We're Back! The 37th Annual California Coastal Cleanup Day is set for Saturday, September 18, 2021 from 9am-Noon, at beaches and waterways throughout the state. Help us remove the trash and plastic pollution that has been accumulating since the CA Coastal Commission was last able to run organized cleanup events. In 2019, more than 74,000 volunteers (including many from ACSC!) picked up more than 900,000 pounds of trash from beaches and waterways throughout California.
Volunteers are also invited to participate throughout the month by cleaning up their neighborhoods, parks, and other local areas. Trash from inland areas flows downstream to the coast, so cleaning up neighborhood trash helps prevent marine debris. Gather cleanup supplies from home, download the CleanSwell app (to count your trash, and to have your trash counted!), and clean on your own time throughout September. More than 14,000 Californians participated in a neighborhood cleanup during September 2020, preventing over 150,000 pounds of trash from entering our stormwater systems and potentially polluting our coast and ocean.
This is how it will work:
In addition the Coastal Commission and its partners recommend the following practices for cleaning up litter and other debris:
Have fun and remember, safety first!
Thank you for your help and support!
Summer Camp was awesome! We had three sessions and 103 campers enjoying the wind and water and improving their sailing skills.
One highlight was the Feva Sailing Camp’s Adventure Sail to San Francisco guided by ACSC Lead Instructor, Casey Tolan:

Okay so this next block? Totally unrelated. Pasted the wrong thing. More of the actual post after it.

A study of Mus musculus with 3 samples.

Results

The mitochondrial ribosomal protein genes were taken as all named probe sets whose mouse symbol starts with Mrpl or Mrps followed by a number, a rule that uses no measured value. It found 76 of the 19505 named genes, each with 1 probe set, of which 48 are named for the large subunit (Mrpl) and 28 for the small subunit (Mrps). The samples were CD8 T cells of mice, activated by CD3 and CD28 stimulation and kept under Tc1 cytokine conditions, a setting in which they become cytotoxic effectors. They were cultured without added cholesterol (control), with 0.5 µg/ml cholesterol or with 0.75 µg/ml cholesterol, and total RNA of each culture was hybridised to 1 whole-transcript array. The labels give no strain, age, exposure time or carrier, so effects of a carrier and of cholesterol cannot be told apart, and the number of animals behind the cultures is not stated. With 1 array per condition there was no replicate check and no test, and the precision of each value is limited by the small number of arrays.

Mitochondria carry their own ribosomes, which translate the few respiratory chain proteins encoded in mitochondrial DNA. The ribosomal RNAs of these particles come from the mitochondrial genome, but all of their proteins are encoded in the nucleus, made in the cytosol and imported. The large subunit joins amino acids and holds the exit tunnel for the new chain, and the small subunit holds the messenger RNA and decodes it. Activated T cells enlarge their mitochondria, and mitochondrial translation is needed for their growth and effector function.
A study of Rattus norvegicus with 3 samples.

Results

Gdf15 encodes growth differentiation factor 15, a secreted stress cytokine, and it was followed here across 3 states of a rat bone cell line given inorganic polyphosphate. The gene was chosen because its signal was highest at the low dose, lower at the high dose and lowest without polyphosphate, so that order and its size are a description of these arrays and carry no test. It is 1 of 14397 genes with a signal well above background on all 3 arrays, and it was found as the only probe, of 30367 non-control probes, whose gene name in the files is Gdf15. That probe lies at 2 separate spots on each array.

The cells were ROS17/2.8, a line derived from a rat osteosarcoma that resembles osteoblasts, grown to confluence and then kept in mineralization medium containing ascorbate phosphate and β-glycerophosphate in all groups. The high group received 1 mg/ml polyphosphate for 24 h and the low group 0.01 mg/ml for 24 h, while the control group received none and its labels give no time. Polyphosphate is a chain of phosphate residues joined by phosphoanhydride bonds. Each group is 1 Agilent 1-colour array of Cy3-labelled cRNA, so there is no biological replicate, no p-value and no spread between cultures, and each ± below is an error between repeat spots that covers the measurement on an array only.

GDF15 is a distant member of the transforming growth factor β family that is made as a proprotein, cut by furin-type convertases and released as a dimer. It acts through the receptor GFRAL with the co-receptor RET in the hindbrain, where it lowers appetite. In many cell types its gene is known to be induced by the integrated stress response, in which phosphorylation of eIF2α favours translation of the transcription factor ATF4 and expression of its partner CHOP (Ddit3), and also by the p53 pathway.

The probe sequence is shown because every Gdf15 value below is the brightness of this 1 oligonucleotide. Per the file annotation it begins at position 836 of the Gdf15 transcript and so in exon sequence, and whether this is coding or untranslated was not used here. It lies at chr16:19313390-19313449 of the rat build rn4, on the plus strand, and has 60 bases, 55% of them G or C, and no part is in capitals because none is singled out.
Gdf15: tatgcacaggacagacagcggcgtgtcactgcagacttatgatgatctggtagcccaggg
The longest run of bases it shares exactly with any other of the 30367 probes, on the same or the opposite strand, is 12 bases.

“We could not have had a better day to sail to San Francisco with the Fevas. With the tide going out as we were sailing to the Bay Bridge, the tide coming back in going home, and just the right amount of breeze, it was a perfect day! We towed out and anchored for lunch right off the tip of Alameda and once done, the campers were off sailing to the Bay Bridge. Those boats are fast, and having done this sail before with FJ's, I was expecting this to be an all-day sail, but they got there at 1pm! With time to spare, the sailors wanted to capsize and sit on their boats to say 'I capsized and sat under the Bay Bridge!' Next, we hooked up for a tow and set off for Alcatraz for a long downwind sail. With the wind picking up, I decided, for safety, that staying next to the city front was best and Pier 39 was a good place to unhook and start our downwind sail back.
I don't take many of my classes to the Bay Bridge and going to Pier 39 was the farthest I have taken a class. I had full confidence in my sailors as their skills and attitudes showed that they were capable of doing this sail. They knew what to look out for; not only ferry boats, container ships, and other vessels around, but more importantly, they were aware of each other and of me and they listened for important whistles. If someone capsizes they know to come back, stay close, and stick together. Knowing their skill level and having trust in my sailors was important when going out. For some this was the farthest they’d gone, and was a new place to sail. The Feva sailors knew the importance of staying together in a new environment they are not familiar with and they did a fantastic job. We could not have asked for a better day to go out. For them to have this experience and make this accomplishment was amazing!”